Digestive System – Simple Explanation

Digestive System – Simple Explanation

February 26, 2013

The Digestive System comprise of all the Organs of the body which help in converting the Food taken, in a form that can be absorbed by the Body for its Nourishment. Each and Every part of the Digestive System has its specific function to do; and what we can do about it is, “We can help them to perform their Intended Function Properly”

The Digestive System starts with:

The Lips and Teeth

The Mouth opening is furnished with Lips to open and close it and assist in picking up our food and in sucking up our drink; and, as much of our food is in solid form, and as the Stomach can take care only of fluid and pulpy materials, nature has provided a mill in the Mouth in the form of two arches, of semicircles, of teeth, which grind against each other and crush the food into a pulp. Make sure to use this Teeth Mill to its fullest; as in this fast moving life, we give very less time to grind our Solid Food; and this eventually becomes one of the Prime causes of poor Digestion.

The Tongue

In the bottom or floor of the Mouth, there has grown up a movable bundle of muscles, called the Tongue, which acts as a sort of Waiter, handing the Food about the Mouth, pushing it between the Teeth, licking it out of the pouches of the cheeks to bring it back into the Teeth-Mill again, and finally, after it has been reduced to a pulp, gathering it up into a little ball, or Bolus, and shooting it back down the Throat, through the Gullet, into the Stomach.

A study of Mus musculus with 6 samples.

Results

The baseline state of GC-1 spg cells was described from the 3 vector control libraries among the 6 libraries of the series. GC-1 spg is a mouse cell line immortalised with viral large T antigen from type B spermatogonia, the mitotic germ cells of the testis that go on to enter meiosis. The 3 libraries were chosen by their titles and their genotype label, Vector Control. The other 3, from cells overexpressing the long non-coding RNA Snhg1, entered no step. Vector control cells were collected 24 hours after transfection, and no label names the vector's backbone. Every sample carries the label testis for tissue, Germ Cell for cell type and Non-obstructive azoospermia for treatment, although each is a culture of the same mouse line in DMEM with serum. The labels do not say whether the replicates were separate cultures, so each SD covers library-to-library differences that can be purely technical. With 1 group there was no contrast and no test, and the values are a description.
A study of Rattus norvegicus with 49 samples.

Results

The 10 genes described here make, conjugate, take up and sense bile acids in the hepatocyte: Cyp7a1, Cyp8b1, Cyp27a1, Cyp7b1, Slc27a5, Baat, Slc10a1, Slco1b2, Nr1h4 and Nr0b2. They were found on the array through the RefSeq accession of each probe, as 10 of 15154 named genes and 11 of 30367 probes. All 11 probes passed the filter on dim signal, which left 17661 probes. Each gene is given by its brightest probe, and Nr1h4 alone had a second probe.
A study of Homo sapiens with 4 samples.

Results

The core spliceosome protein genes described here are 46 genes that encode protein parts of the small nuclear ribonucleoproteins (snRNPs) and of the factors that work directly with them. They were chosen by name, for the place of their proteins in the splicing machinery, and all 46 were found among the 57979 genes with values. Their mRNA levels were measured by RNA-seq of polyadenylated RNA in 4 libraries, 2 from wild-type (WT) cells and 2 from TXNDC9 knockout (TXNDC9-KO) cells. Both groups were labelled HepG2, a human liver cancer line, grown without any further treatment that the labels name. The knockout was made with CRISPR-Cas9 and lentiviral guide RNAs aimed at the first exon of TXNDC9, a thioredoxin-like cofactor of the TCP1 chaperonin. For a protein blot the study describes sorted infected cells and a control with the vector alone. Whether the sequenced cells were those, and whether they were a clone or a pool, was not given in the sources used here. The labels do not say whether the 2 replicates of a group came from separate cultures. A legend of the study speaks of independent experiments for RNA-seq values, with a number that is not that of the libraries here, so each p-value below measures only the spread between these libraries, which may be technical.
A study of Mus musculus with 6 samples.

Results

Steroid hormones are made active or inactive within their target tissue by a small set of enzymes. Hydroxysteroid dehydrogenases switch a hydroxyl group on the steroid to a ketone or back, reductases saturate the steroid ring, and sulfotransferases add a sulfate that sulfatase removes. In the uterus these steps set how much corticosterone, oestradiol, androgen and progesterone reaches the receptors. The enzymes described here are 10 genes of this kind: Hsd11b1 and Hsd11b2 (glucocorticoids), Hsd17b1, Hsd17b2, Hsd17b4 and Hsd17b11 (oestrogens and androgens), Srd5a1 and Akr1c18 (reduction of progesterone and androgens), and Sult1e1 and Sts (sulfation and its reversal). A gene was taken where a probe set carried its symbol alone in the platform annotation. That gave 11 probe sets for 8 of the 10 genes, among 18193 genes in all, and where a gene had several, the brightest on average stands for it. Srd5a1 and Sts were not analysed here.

How the Food Reaches the Stomach?

Our body, then, has an opening, which we call the Mouth, through which our food-fuel can be taken in. A straight delivery tube, called the Gullet, or Esophagus, runs down from the mouth to a bag, or pouch, called the Stomach, in which the food is stored until it can be used to give energy to the body, just as the gasoline is stored in the automobile tank until it can be burned. Inside the Gullet, Food does not fall of its own, but each separate swallow is carried down the whole nine inches of the gullet by a wave of muscular action. By contracting, or squeezing down in rapid succession, one after another, they move the food along through the tube. The failure of these little muscles to act properly is one of the causes of Constipation and Biliousness.

The Small Intestine

When the food has been sufficiently melted and partially digested in the stomach, it is pushed on into a long tube called the intestine, or bowel. During its passage through this part of the food tube, it is taken up into the veins, and carried to the heart. From here it is pumped all over the body to feed and nourish the millions of little cells of which the body is built.

The Large intestine

This Bowel tube or Small Intestine, which, on account of its length, is arranged in coils, finally delivers the undigested remains of the food into a somewhat larger tube called the Large Intestine, in the lower and back part of the body, where its remaining moisture is sucked out of it, and its solid waste material passed out of the body through the Rectum in the form of the Feces.